Be your own home inspector

These tips from the pros will show you how your home measures up

By Martin Zibauer



The home inspector’s most important tool isn’t a flashlight or a ladder, or any testing gadget, it’s a systematic method that scrutinizes a house completely. Different inspectors have different methods. Alex Welsh and Dale Mullen, two home inspectors from two parts of the country, share a common basic approach-both work from the outside in. They share the highlights of a typical inspection.

Welsh owns York Associates Home Inspection in Toronto, and once hosted his own television show, Home Inspector, on HGTV. His outside-in inspection starts with exterior walls, the foundation, windows and any attachments to the house for problems (see the complete list below). Then he inspects the drainage and the roof, if possible by climbing on it. This requires care, but Welsh believes it’s important, especially when dealing with flat roofs: ”You can’t see a flat roof from the ground.”

Mullen, president of the Atlantic branch of the Canadian Association of Home and Property Inspectors, follows a similar route. Mullen’s company, Home Works Inspection Services, operates in Yarmouth, N.S. His approach starts with a general neighbourhood survey. “If I’m in a subdivision, I look for common problems in similar houses.” Chances are those problems will also show up in the house he’s inspecting.

Both agree that checking the roof and drainage is key, and both describe the process with the same words: “Where is the water going?”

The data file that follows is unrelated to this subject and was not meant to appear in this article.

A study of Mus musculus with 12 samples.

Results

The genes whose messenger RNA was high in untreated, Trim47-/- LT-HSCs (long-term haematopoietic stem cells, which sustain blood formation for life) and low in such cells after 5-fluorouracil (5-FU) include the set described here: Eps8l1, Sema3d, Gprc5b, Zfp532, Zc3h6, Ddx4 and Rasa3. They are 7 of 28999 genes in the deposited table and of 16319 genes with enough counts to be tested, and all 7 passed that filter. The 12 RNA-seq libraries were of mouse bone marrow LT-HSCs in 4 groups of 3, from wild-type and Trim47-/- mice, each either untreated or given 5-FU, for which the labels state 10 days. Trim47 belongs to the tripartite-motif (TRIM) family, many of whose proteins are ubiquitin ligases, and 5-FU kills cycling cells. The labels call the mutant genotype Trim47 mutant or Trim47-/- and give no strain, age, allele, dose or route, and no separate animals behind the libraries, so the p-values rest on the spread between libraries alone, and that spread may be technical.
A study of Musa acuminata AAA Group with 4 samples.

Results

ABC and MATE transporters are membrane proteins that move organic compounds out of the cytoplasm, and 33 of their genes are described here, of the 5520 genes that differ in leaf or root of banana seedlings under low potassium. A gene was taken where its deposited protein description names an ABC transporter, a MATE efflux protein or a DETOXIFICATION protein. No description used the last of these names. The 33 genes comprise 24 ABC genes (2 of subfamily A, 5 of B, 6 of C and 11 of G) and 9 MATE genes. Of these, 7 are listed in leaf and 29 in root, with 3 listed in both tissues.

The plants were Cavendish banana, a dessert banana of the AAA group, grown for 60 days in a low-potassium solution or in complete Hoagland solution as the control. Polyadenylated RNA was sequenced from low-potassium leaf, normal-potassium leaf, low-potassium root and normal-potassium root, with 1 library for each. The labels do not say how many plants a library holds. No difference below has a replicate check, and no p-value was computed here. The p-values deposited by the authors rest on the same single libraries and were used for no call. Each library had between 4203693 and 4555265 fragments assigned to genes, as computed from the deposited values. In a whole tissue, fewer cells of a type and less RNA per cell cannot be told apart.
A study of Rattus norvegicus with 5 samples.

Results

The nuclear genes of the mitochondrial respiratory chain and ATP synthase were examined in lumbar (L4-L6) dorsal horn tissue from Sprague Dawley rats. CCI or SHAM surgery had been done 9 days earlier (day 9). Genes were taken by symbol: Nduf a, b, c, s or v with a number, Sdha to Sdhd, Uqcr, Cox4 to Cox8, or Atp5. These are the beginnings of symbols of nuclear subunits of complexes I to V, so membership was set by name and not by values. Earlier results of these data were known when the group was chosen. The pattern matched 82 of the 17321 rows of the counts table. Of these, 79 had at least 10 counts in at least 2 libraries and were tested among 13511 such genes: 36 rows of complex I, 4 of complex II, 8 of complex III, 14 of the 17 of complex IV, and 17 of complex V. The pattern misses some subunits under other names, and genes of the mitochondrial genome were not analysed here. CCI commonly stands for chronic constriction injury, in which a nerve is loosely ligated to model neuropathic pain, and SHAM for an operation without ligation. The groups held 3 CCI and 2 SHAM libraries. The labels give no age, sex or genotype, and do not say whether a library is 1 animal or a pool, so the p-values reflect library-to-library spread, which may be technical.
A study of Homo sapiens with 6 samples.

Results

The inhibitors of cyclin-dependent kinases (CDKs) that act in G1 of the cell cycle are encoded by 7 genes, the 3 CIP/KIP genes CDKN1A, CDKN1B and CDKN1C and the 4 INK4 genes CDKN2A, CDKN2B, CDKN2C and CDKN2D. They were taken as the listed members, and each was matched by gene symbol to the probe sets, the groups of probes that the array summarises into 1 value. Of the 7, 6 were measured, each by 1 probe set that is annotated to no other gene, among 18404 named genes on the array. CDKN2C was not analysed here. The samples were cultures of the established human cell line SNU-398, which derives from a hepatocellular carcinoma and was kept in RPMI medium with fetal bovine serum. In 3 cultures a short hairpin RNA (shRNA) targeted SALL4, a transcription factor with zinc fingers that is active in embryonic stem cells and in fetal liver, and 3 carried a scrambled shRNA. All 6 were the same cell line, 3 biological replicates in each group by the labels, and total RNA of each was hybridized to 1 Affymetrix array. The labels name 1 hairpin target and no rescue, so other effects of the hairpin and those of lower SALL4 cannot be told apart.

Welsh spends at least one-and-a-half hours of an inspection poking around the basement. He checks the foundation for structural defects and water damage: “I’m connecting what’s happening on the inside to what I saw on the outside.”

Next, a thorough inspection of ex-posed framing and the major systems: electrical, plumbing and heating. Here, Mullen checks that systems “do what they’re supposed to do.” He and Welsh both suggest that while the homeowner can recognize that a problem exists, if the solution isn’t clear and within your skill level, it’s best to call in a pro.

From the basement, both move upstairs. They scan walls and ceilings, mainly for water damage. They check windows and doors to see if they open and electrical receptacles to see if they work and are grounded. They check plumbing fixtures for pressure and proper connections. Mullen says, “Always look under the sinks.”

The attic is where they check insulation, ventilation, exposed framing and look for any sign of leaks. Mullen does this area last: “After the attic, I’m smelly and dirty. Clients don’t really want to be around me much after that.”

Getting the Gestalt

Using the inspector’s approach isn’t difficult-be thorough, objective and methodical. And put yourself in the right frame of mind. Over time, it’s easy to get accustomed to an existing problem and stop noticing it. It’s not that you are purposely ignoring it; you’ve just stopped seeing it. Set aside some time for a deliberate, complete in-spection of your home and you might be surprised at what you find.